What does it feel like to be delusional?

Where is the line between dream and delusion?

 


 

It was a delusion when I told myself in 5th grade that if I just laid flat enough in my bed, that if I could just lay as flat and as quiet as the sheets, that I wouldn't have to go back into school and subject myself to facing … her … again.

 

It was a dream when I thought my partner and I were going to save the world. I knew it was unattainable but I still wanted to reach. Unfortunately at the time I was unaware of the people I stepped on to reach so high. It felt safe. It felt open ended, non-binding.

 

~

 

Every memory has weight. Some memories carry more weight than others. This weight has gravity. These memories are held within the matrix of the mnemonic structures of the brain. As we recall something from memory, the path our thoughts take might pass in proximity to some of the weightier memories, recalling them into the conscious mind. This is my understanding of how individuals become “triggered”.

When I become delusional, it feels like I have encountered a memory of such massive magnitude, of such gravity that at some point I cross an event horizon and begin to fall into myself. That is to say, that in the course of autonomically recalling something from my mind which is triggering, my thoughts fall into a black hole from which I cannot escape through any direct or active measure. The only escape... is time. Time to rest, time to breathe, time to remind myself that I am loved, or more importantly that am capable of returning that love. Time to be mindful of my body, of my environment, of my family.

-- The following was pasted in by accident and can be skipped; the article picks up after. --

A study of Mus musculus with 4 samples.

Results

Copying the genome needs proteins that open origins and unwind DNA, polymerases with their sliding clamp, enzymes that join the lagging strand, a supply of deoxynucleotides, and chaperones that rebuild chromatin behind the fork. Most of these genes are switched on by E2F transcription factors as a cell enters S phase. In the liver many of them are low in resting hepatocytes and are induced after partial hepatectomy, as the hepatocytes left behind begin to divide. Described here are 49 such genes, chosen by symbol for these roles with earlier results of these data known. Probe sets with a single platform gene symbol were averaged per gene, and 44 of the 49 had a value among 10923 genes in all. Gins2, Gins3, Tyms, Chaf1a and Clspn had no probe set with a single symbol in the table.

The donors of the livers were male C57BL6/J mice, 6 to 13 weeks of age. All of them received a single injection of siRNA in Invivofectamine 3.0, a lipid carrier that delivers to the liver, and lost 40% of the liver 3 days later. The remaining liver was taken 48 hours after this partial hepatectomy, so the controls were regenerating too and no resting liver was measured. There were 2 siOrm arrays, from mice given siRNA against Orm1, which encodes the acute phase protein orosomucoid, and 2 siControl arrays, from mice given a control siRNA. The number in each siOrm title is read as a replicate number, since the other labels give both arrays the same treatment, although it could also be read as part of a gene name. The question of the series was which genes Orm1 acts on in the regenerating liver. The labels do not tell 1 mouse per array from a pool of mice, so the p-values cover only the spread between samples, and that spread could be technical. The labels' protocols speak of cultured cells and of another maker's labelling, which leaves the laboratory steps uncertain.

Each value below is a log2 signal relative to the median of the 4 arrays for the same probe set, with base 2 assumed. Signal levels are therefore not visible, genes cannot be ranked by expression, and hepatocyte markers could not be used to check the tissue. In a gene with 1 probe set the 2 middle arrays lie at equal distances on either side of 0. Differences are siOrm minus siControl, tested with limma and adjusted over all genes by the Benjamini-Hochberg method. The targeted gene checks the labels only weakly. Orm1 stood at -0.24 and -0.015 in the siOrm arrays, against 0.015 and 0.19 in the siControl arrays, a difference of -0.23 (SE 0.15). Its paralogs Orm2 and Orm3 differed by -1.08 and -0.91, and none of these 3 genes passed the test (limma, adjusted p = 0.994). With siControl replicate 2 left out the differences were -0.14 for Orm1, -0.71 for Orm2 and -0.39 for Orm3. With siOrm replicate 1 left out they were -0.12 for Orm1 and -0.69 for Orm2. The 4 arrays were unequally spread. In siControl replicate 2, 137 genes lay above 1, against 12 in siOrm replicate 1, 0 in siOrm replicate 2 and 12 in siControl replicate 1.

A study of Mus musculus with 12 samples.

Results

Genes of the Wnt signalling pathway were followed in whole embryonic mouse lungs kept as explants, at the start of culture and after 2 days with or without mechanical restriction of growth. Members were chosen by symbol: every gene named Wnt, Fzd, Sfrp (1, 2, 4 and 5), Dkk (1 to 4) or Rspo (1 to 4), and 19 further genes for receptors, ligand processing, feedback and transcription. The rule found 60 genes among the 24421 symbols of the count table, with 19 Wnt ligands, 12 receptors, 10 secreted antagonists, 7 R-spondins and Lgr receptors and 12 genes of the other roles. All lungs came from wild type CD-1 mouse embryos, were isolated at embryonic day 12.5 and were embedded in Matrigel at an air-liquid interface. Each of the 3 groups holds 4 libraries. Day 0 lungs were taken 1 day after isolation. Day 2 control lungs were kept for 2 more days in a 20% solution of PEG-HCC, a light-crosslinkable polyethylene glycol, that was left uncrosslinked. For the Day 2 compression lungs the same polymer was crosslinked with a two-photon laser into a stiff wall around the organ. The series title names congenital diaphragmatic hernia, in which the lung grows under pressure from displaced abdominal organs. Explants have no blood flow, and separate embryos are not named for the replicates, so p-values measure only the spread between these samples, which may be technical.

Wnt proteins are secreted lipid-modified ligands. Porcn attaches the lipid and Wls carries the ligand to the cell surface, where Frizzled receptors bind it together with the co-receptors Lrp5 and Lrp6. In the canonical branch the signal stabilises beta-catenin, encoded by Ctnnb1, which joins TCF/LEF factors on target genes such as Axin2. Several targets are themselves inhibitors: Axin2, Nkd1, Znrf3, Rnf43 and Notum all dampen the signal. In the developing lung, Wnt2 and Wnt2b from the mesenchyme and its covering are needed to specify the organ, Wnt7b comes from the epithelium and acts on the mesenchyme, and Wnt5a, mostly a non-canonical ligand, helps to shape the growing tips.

Not all delusions are the same. Delusions regarding an expectation placed upon myself, they feel like they have a pull to them. Delusions regarding an expectation I place upon others, those have more of a “pull” feel to them. To the delusional mind, the corpus of these traumatic memories warp and refract the way my mind’s eye perceives that projection of our own memories. The analogy which comes to mind is that of gravitational lensing, or the way massive objects in space bend light that passes by them. In just the same way that a dead star can refract and warp our perceptions of a younger universe, my traumatic memories refract and warp the way I perceive my younger self.